I think it is safe to say that while Rex Brothers is probably Roxwalkoff’s least favourite reliever (or at least, Bad Rex is, we love the guy personally and him as a player a lot when on), that Adam Ottavino is our favourite. The man named Zero is simply awesome, be it the now high 90s fastball painting a corner or that slider (or should we say 3 sliders in one), he is one of the best weapons in Rox bullpen history.
Check out these two great articles on his sliders from March on FanGraphs:
Adam is the latest in a line of former #1 picks who bombed as starters and took teams far too long to turn them into power relievers. After watching what Wade Davis did last year (and Andrew Miller, and Zero and Luke Hochever and…well you get the picture and not just from the 2006 draft), more and more teams might finally pull the plug on their starting and turn them into relievers quicker (another First Round pick from 2006, supp pick, who has made the switch, the Rox own Brooks Brown). Last year we saw the Royals bullpen put up (according to the FanGraphs scoring) WARs of 3.0 (Davis), 2.2 (Greg Holland) and 1.2 (Kelvin Herrrera), which explains why they won the Wild Card and then went all 07 Rockies through the playoffs. Add that to Miller’s 2.2 WAR (after .6 and .3 the prior two years with Red Sox, making up for the mere 1.6 WAR as a starter throughout his career), and suddenly the value of power, dependable, potentially multiple inning relievers is finally being realized.
The Rox have always needed great bullpens if they were going to be winners (2009 the lone exception). That being said they don’t usually give big or long deals to relievers. I can think of three multi-year deals in recent history:
Manny Corpas, 4-year $8,025,000 deal after breakout 2007, total WAR of contract 1.6
Matt Belisle, 2-year (with option exercised) after 2011) $12,025,000, total WAR of contract 3.1 (.3 in option year)
Boone Logan, 3-year $16,600,000, total WAR so far -0.4.
So, you can see why the Rox might want to stay clear of offering another reliever a 3 or 4-year deal for substantial money. But we have also seen the value (and the per/year contract dollars given to free agents) of relievers rise quickly. Now, it could be this is a short-term trend highlighted by the decline in scoring and the Royals/Giants success using bullpens. But with the way that power relievers in the 6th, 7th, 8th as well as closers have cut down on offense, this maybe a long-term trend.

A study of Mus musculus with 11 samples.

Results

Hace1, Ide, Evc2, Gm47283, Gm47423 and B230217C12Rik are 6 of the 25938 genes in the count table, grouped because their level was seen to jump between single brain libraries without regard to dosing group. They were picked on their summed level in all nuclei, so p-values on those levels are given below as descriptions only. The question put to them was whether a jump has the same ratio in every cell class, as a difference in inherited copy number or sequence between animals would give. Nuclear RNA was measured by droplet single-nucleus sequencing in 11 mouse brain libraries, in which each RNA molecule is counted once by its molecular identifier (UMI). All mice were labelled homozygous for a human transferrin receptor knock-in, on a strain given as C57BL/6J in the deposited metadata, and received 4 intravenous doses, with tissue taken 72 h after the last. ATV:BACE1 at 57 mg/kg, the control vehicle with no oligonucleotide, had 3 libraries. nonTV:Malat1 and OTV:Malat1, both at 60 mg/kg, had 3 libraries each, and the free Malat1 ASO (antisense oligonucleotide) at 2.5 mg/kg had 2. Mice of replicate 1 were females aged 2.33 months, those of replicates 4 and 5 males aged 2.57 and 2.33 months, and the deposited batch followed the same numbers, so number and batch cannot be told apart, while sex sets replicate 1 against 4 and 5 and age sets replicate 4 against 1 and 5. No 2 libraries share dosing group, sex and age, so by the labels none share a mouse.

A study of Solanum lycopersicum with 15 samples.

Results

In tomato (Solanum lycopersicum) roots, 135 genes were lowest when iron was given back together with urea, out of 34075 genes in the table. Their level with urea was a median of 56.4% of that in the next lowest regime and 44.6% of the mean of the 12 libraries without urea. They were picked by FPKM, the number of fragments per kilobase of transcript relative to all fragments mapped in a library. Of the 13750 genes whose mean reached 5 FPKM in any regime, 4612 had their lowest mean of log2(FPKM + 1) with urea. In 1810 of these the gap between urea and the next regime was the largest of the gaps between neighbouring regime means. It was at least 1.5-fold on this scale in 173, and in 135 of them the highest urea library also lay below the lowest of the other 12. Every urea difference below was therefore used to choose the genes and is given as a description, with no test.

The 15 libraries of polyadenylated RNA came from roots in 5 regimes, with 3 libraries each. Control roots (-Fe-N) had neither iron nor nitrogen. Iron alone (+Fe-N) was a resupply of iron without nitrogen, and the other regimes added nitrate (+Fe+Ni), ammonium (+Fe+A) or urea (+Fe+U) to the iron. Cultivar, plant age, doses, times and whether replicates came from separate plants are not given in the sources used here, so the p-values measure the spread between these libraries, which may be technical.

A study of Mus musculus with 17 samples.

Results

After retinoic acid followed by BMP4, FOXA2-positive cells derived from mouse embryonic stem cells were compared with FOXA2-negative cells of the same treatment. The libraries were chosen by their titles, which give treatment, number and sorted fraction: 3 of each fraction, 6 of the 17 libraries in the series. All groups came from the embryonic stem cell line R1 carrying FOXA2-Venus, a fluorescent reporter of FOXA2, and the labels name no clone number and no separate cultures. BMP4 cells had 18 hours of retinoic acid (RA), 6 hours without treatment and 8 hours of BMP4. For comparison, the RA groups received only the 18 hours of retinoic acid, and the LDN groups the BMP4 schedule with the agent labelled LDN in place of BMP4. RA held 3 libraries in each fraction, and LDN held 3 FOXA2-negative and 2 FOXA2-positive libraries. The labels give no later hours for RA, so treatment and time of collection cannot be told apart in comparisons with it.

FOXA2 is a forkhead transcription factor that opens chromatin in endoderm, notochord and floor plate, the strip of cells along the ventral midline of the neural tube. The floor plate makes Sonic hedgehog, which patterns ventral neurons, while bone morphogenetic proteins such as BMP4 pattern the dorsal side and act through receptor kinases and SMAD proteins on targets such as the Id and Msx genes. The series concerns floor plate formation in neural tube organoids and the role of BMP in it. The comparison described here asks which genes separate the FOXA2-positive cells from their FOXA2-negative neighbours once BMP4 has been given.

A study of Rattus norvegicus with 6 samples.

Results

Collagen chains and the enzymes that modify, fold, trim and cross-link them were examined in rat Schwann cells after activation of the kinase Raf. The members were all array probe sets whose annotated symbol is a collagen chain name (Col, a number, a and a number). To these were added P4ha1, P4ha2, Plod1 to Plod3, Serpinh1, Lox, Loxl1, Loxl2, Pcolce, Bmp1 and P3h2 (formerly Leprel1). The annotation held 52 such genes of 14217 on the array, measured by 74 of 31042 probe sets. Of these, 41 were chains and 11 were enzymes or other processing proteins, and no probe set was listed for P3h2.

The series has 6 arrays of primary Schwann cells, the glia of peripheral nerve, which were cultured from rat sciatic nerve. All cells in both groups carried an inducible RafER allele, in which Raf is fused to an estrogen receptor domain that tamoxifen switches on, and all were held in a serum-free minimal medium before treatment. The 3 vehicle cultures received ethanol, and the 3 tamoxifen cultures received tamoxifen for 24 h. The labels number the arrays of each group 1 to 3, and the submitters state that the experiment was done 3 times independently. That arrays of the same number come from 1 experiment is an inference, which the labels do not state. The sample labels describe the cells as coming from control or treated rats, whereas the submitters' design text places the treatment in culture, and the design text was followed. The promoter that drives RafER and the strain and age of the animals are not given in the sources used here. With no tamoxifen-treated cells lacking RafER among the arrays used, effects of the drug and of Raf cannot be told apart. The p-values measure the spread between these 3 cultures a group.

Matt Belisle came to the Rox in 2009, had a 5+ ERA, but then in 2010 and 2011 had back-to-back years of 3.25 ERA or less (WAR of 1.1 and 1.9), so they had reason to think he had figured things out. And 2012 in the weirdest year in Coors history he still managed a quality 3.71 ERA and a 1.6 WAR. But all those appearances took their toll and from 2nd-half 2013 through 2014 and Belisle was sent packing.
Adam Ottavino came to the Rox in 2012, throwing in that hideous year a decent 4.56 ERA. But then the past two years he has stepped it up a lot, throwing out a 2.64 and 3.60 ERA (and leave out those 9 appearances in June last year, and that is around a 2 ERA). Also his SO/W ratio has gone from 2.38 to 2.52 to 4.38. His K/9 has been 9.2,9.0, and 9.7 the past 3 years. Conjecture was that the Rox kept Ottavino away from the 9th in 2014 because saves add a lot to future value in arbitration. If that is true, it is shrewd but not baseball smart. Fact is that Zero has been totally dominating the past 2 years (and parts of 2012).
Adam is already 29, and unlike Andrew Miller didn’t get to the major leagues for a while after being drafted and so has only a tad over 3 years of service time, meaning his arbitration year is 2016 and FA 2018. But the value in non-closers in arbitration will start to rise greatly as those big contract and the new valuation system starts to impact arbitrators.
So, here is the question: Should the Rox go out and offer Zero a deal that locks in their costs and buys out arbitration and maybe a year of FA? It isn’t necessary, but players with guaranteed dollars likely means that they don’t fear injury quite as much, though Zero seems to be throwing harder and harder each year. He doesn’t look like he is holding back much, but financially security cannot hurt. But he is playing this year for only $1.3 million. Last year at $502K. He might be able to quit baseball and go to work for MLB network and make that (Adam is the best special guest they have had on the network as far as I am concerned).
The Rox don’t have to do it, but maybe it is past time to show Zero some love and the money!